We are not in the business of making predictions at The Money Guy Show. In fact, if you’ve watched or listened to the show for any amount of time, you know we stay far away from predicting the direction of the stock market, economy, and other leading financial metrics. The last several years, inflation has been about the only financial metric on everyone’s minds. If inflation continues to drop, interest rate cuts by the Federal Reserve seem more likely. Interest rate cuts are stimulative to businesses, households, and the overall economy since they make borrowing money cheaper and encourage people to buy houses, businesses to hire employees and take risks, and more.

Have questions about how to buy a home in this crazy market, ways to beat the system, and common mistakes home buyers make? Check out our Money Guy Guide to Buying a House!

How the expectation for rate cuts have changed this year

In January, prediction markets expected 5 or 6 interest rate cuts this year, which would significantly reduce the Federal Reserve target interest rate. Now, the consensus has dropped to between 1 or 2 interest rate cuts this year.


This change in expectations may be very frustrating to consumers and businesses looking for interest rates to drop so they can make large purchases, like a home, or expand their business. For anyone that understands how inflation works, the dramatic change in expectations shouldn’t be surprising at all. Here’s why forecasting inflation, and interest rates, is so difficult.

Why forecasting inflation is so difficult

The last period of high inflation our country experienced, before 2020, began in about 1972 and lasted until 1983. As you can see from the chart below, inflation did not rise and then subside. Inflation seemingly peaked in late 1974, then came back and actually peaked in 1980.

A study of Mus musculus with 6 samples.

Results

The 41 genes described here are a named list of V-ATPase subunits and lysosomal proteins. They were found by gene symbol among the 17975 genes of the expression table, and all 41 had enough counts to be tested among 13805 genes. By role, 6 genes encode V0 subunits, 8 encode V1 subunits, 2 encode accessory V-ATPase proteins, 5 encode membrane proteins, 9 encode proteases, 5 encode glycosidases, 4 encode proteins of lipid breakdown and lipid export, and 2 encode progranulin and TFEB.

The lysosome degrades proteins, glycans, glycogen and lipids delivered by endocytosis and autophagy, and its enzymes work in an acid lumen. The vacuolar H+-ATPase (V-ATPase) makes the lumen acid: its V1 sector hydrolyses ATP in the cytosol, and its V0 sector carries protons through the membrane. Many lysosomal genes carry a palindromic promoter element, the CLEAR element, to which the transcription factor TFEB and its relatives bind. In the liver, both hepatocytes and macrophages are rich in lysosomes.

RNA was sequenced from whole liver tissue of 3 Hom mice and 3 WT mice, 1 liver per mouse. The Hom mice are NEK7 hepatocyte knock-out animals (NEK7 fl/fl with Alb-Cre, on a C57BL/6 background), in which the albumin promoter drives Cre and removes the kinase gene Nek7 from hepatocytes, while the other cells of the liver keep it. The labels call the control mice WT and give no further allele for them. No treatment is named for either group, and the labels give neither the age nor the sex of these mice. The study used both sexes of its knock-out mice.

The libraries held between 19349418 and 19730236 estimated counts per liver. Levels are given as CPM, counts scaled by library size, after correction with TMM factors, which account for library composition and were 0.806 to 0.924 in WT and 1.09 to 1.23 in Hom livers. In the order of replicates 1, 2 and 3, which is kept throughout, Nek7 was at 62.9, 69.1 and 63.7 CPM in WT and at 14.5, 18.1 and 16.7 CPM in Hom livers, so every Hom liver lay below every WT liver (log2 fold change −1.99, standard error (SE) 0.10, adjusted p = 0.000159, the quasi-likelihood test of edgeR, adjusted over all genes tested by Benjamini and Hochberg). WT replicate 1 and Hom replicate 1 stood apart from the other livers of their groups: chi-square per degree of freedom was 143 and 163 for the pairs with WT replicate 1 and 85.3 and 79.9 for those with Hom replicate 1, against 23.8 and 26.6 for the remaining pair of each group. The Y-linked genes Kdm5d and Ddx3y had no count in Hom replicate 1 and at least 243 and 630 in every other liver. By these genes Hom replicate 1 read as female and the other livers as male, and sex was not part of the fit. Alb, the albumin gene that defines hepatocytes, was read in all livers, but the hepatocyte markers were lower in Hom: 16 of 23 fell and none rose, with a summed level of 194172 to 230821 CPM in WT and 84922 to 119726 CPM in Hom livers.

Inflation expectations can influence reality

Consumer expectations for inflation remain elevated. Consumers aren’t expecting high inflation, but they expect inflation to remain higher than the Federal Reserve target of 2% in the short-term (one year) and medium-term (five years). Just like actual inflation, expected inflation has stalled out around 3% and doesn’t appear to be budging. It should be no surprise that actual inflation and consumer expectations seem to mirror one another. If you expect prices to keep increasing, you may spend more now while prices are lower.

Consumer spending is still increasing very sharply month over month, which creates sort of an inflation loop. Consumers expect inflation to remain elevated, although not as high as several years ago, and keep spending money like there’s no tomorrow. Consumer spending fuels inflation, which in turn fuels the belief that inflation will remain elevated. See now why it isn’t so easy to predict the future of inflation?

How you can win financially regardless of inflation

Persistently high inflation and interest rates can be very frustrating for those trying to borrow money, but it is still very possible to build wealth and make smart financial decisions no matter what inflation or interest rates do. If you want to help protect your wealth from inflation, owning assets like stocks and real estate are some of the best ways to hedge against inflation. If you are looking to borrow a large amount of money and want interest rates to drop, consider only borrowing what you can afford now or waiting for rates to drop. Do not borrow money at a rate you can’t afford in the hopes that interest rates will drop in the near future and allow you to refinance.

We created several awesome tools on our website to help you think through some of these big life decisions. Check out our home-buying calculator to determine how much house you can afford based on your income and current interest rates. If you are looking to buy a car, give our car-buying calculator a go.

Nobody likes high inflation, and anyone taking out a mortgage now probably feels sick to their stomach that they are getting a rate in the 6s or 7s instead of the 2s or 3s of a few years ago. At The Money Guy Show, we strongly believe that you can build wealth and make smart financial decisions even in less than ideal periods of high inflation, and we are committed to giving you the tools to help you along the way.